Remember when investors used to worry about volatility? Now the problem is precisely the opposite.
All across the developed world, from commodities to stocks, normally twitchy market watchers have fallen into a deep, relaxed slumber. The VIX, the traditional "fear gauge" for the stock market, hovers near record lows. The Citigroup economic surprise index, which measures how economic data match up to expectations, is similarly soporific. Even oil prices, usually good candidates for flighty behaviour, are remarkably placid.
Stocks have rallied strongly in this benign environment, with the S&P 500 and Dow hitting so many records that another new high-water mark hardly bears mentioning. But here's the paradox: With absolutely no obvious worries to fret about, a sizable number of investors are growing stressed that the market must be missing something. They figure, to misquote Franklin Roosevelt, that all we have to fear is the lack of fear itself.
The Financial Times, for instance, cautions that "volatility ensures discipline" and worries that a lack of volatility is leading to excesses that may not be apparent yet. Other commentators figure that any period like this must end badly, on the simple logic that things tend to revert to average, so calm must inevitably give way to turmoil.
If so, maybe it's time to get out in front of the crowd and consider a radical solution: Creating your own volatility.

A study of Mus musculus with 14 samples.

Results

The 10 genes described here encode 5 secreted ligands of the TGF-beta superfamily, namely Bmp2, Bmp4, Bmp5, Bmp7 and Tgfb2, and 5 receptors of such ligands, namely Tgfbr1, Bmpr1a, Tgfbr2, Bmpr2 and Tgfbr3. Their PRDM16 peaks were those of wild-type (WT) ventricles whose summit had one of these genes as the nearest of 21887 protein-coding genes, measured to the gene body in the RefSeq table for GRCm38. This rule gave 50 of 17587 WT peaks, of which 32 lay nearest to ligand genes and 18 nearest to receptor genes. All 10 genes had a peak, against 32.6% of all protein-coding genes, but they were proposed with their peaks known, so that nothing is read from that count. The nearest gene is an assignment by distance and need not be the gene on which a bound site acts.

In North America, the current don't-worry-be-happy mentality has propelled stocks to lofty levels. In fact, the cyclically adjusted price-to-earnings (CAPE) ratio, a measure of how current share prices stack up against average earnings over the past 10 years, suggests that U.S. stocks are priced for something close to perfection. They're trading at close to 26 times CAPE earnings, far above the 16 or so that has been the historical norm.
The expensive valuations make sense only if you figure that markets are going to continue on their current smooth upward course, bolstered by a U.S. recovery and low interest rates.
If you don't buy that happy scenario, the obvious thing to do is to look for cheaper, riskier markets elsewhere – which is exactly what Mebane Faber urges.
Mr. Faber, a portfolio manager at Cambria Investment Management, is a big fan of the CAPE ratio, but admits it's far from perfect. He points out, for instance, that an investor who sold all her stocks when CAPE moved significantly above its long-term average would have been out of the U.S. stock market since 1993.
Mind you, that wouldn't have been total disaster. A U.S. investor who moved all her money into 10-year U.S. government bonds would have produced an average annual 6.3-per-cent return since 1992. While that would have lagged the 9.3-per-cent return of the stock markets, the bond investor would also have missed out on two terrifying bear markets, in which stocks lost up to half their value.
She could have done even better, Mr. Faber writes, by moving into the world's cheapest stock markets, as measured by CAPE. He calculates that an investor who systematically invested in the most inexpensive 25 per cent of countries around the world, and adjusted her portfolio yearly, would have produced a 17-per-cent-a-year average return.
Right now, a strategy of buying cheap companies on the basis of the CAPE ratio would put you into Brazil, Greece, Russia and emerging Europe. The prospect of investing in any of those countries is likely to cost you a few sleepless nights – but if you're pining for volatility, it could be exactly what you need.